Ross Douthat on the wisdom of federalizing sex education:
The debate might be less rancorous if the naturalists and sacralists didn’t have to fight it out in Washington. This is the real problem with federal financing for abstinence-based education: It drags the national government into a debate that should remain intensely local.
We federalize the culture wars all the time, of course — from Roe v. Wade to the Defense of Marriage Act. But it’s a polarizing habit, and well worth kicking.
If the federal government wants to invest in the fight against teenage pregnancy, the funds should be available to states and localities without any ideological strings attached. (And yes, this goes for the dollars that currently flow to Planned Parenthood as well as the money that supports abstinence programs.) Don’t try to encourage Berkeley values in Alabama, or vice versa.
America’s competing visions of sexuality — permissive and traditional, naturalist and sacralist — have been in conflict since the 1960s. They’ll probably be in conflict for generations yet to come.
But as long as they are, it shouldn’t be Washington’s job to choose between them.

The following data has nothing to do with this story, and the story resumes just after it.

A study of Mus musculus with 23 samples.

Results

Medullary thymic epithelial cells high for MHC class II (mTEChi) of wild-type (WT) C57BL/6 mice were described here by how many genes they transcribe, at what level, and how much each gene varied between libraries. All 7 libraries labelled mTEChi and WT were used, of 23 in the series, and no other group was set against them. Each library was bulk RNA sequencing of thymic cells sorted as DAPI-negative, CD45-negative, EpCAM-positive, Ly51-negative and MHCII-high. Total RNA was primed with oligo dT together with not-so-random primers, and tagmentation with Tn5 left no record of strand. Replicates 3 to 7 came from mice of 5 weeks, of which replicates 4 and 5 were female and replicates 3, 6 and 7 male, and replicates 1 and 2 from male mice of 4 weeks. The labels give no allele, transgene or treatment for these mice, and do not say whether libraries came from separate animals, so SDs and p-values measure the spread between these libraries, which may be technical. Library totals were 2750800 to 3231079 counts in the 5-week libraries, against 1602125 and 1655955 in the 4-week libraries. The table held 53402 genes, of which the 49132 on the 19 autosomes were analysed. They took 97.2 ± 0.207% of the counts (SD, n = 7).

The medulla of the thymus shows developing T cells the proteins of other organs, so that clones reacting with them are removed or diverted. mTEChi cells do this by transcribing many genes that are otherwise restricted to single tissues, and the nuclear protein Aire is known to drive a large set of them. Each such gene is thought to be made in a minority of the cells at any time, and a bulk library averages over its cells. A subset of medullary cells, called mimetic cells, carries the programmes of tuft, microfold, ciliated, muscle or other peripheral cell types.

I’m of two minds on this. Given that we really haven’t come to anything approaching a consensus when it comes to sex education, it really isn’t appropriate for the federal government to be the main driver of public policy on the issue. Conceptually, it really does make more sense for the federal government to offer no-strings attached funding for sex education, with the actual content of the curriculum at the states’ discretion.
That said, this isn’t simply a case of “values.” It’s vitally important that teenage boys and girls learn about their bodies. Teens need to know how their bodies work, and they need to have accurate information about sex and contraception. There is a wealth of misinformation about sex — a lot of it spread by abstinence-only programs — and in the absence of any countervailing information, teenagers will turn to misinformation and distortions to inform their choices. The practical effect of de-federalizing sex education is that some kids will be given the truth about their bodies, and other kids will be lied to. And those kids won’t know enough about their bodies or contraception to protect themselves from STI’s and pregnancy.
Douthat says that “we should understand it [sex education] more as a battle over community values than as an argument about public policy,” but that is an incredibly one-sided view of things. Yes, communities have the right to make statements about their values, but teenagers have the right to accurate information about their bodies. Prioritizing “values” over information is another way of giving license to the ideologues and reactionaries obsessed with controlling teen sexuality. All we’d be doing is erecting thousands of little barriers, each one keeping teenagers from accessing the information necessary to protecting their health and saving their lives.
Update: You should read M. LeBlanc’s take on this, she goes mad hard on Douthat.